Stuck in the Middle
“Can I sit at the adults table?” I remember asking my mom growing up. I don’t remember a specific moment, because I probably asked it again and again and again at family functions starting when I turned 10. I’m the oldest in my extended family on both sides, not a single cousin within 4 years. My brother is almost 5 years younger than me, and we have always gotten along, but by the time he was into Beanie Babies and Pokémon I was, like, WAY over it, bruh. I always felt too old to hang out with my cousins and brother during extended family gatherings; when I made the switch to the adults table, I sat bored, half-listening to talk of jobs and the economy and politics and other things that I’m sure are important but flew way over my head.
Stuck in the middle, just like Malcolm.
Over July 4th this summer, we got to spend some time with extended family on my mom’s side in Cleveland. It was a weekend of eating ice cream and dance parties and jamming out to Kendrick Lamar in the car with my cousins. It was a weekend of playing badminton and slack lining and telling dumb jokes and drinking cocktails in the back yard. It was a weekend of swimming and tennis and waking up in the morning to sore muscles because of it. It was a weekend of running around barefoot and accumulating dirt beneath our toenails.
As Kendahl and I were driving across Ohio and Indiana back to St. Louis, it became clear to me in a new, important way: I’m still in the middle. I will always be in the middle. Until now, though, I had never realized how cool that is. I have adults around me, parents and uncles and aunts and grandparents who have travelled through seasons similar to the one I’m in, who understand and empathize with the craziness and uncertainty of emerging adulthood because they’ve been there. I look around at my brother and cousins who are getting ready for high school and college and marriage, who are are starting to date and break up and search for value and I’ve been there.
Those older than me are there to offer comfort and guidance, and I can, simultaneously, offer that same guidepost assurance to my younger brother and cousins. There I stand, right in the middle.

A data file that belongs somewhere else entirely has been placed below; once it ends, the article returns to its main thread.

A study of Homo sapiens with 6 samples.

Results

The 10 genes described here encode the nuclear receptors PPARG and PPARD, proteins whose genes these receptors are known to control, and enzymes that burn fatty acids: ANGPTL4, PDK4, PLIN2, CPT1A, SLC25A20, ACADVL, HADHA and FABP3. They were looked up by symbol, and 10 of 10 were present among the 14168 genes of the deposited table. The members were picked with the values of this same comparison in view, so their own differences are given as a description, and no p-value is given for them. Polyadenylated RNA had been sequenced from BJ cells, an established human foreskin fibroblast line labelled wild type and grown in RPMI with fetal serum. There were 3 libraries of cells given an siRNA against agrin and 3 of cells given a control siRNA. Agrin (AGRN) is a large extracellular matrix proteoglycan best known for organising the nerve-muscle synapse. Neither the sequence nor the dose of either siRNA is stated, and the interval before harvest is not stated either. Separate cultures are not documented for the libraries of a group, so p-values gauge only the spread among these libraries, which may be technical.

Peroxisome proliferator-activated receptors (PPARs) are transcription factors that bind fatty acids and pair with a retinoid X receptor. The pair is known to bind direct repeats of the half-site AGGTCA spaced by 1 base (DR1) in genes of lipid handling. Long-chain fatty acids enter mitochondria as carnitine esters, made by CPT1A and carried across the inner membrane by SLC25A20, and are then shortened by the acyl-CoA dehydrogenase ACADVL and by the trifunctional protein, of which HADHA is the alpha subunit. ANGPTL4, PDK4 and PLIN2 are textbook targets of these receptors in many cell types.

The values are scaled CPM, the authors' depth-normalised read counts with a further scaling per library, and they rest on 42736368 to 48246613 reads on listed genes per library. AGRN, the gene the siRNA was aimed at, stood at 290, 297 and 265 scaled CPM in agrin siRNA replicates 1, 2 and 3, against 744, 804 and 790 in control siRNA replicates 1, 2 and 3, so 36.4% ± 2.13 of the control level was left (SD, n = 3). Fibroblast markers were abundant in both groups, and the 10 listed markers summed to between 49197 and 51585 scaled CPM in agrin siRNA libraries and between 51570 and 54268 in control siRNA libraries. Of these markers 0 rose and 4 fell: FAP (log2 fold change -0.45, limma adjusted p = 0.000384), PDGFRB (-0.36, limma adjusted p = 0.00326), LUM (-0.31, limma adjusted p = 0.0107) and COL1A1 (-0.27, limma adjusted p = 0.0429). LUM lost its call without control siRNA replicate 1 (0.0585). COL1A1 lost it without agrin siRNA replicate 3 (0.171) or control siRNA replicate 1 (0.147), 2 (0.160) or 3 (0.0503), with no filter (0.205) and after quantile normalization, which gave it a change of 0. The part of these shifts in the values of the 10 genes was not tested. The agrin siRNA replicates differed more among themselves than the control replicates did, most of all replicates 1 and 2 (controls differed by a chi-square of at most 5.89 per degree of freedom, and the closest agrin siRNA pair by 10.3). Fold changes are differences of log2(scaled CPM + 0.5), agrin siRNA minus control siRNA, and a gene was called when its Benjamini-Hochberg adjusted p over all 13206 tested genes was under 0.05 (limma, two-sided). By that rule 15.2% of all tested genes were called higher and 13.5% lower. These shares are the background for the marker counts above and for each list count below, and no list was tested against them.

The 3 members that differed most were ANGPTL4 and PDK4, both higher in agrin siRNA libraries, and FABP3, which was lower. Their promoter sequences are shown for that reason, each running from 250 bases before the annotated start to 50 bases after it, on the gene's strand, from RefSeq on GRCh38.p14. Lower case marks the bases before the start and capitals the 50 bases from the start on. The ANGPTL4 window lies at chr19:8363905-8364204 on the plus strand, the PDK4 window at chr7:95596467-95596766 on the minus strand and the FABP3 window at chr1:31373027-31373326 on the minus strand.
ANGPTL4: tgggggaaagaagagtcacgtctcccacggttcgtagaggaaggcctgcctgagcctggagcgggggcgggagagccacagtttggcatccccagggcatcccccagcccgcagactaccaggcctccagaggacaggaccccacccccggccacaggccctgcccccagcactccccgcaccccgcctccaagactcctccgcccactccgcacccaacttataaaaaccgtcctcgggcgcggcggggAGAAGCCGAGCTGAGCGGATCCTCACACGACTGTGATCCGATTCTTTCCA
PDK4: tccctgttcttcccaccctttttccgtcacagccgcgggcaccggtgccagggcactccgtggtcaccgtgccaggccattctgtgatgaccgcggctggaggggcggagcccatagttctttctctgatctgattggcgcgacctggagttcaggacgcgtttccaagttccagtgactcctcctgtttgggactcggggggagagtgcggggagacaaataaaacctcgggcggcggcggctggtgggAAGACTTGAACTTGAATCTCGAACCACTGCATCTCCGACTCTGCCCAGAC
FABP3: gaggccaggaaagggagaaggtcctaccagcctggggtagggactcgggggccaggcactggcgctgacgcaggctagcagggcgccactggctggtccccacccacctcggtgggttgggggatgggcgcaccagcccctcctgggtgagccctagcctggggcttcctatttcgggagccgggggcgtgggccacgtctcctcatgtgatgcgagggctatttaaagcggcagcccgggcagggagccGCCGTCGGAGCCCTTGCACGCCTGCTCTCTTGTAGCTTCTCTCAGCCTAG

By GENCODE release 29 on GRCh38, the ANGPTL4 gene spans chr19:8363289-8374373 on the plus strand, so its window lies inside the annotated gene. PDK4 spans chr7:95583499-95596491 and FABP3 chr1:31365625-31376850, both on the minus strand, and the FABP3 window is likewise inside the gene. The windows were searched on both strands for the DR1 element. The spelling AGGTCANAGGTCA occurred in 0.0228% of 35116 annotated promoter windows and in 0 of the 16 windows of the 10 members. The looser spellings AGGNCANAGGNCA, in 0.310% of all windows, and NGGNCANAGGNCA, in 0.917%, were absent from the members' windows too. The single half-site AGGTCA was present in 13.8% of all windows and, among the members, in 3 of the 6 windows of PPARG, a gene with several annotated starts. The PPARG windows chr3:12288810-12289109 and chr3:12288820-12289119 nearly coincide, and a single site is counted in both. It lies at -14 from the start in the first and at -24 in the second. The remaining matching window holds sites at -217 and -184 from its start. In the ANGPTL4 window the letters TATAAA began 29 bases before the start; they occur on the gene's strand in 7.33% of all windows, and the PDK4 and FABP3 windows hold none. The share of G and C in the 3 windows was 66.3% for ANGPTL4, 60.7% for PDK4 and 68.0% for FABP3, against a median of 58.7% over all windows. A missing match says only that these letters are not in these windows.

The middle space, that scary, awkward, middle position I always found so uncomfortable has now become a beautiful, purpose-filled season of life.
That gives me hope today, because when it comes to the rest of my life, I'm also in the middle: in the middle of school, in the middle of trying to figure out what we’re going to do with our lives, in the middle of yet another exhausting move and trying to figure out a new city, in the middle of so much uncertainty. When will we have kids? Will I receive a full-time offer? Should I take it? Where do we want to live? Is kale worth it? I feel like I’m at the adults table all over again, just trying to keep up.
The life messages of joy resulting from pain or suffering have been spoken many times and in lots of different ways, and it is popular to remain cynical of such adages. To be sure, in no way would I qualify my childhood dinner table encounters as “suffering.” But I’ve seen tough and awkward things become amazing and beautiful things too many times in my life not to grasp on to inspiration from it. In a small way, over July 4th, I once again saw joy and purpose emerge from something that had been awkward and uncomfortable. I take hope knowing that, in this season of middle, joy and hope are to come.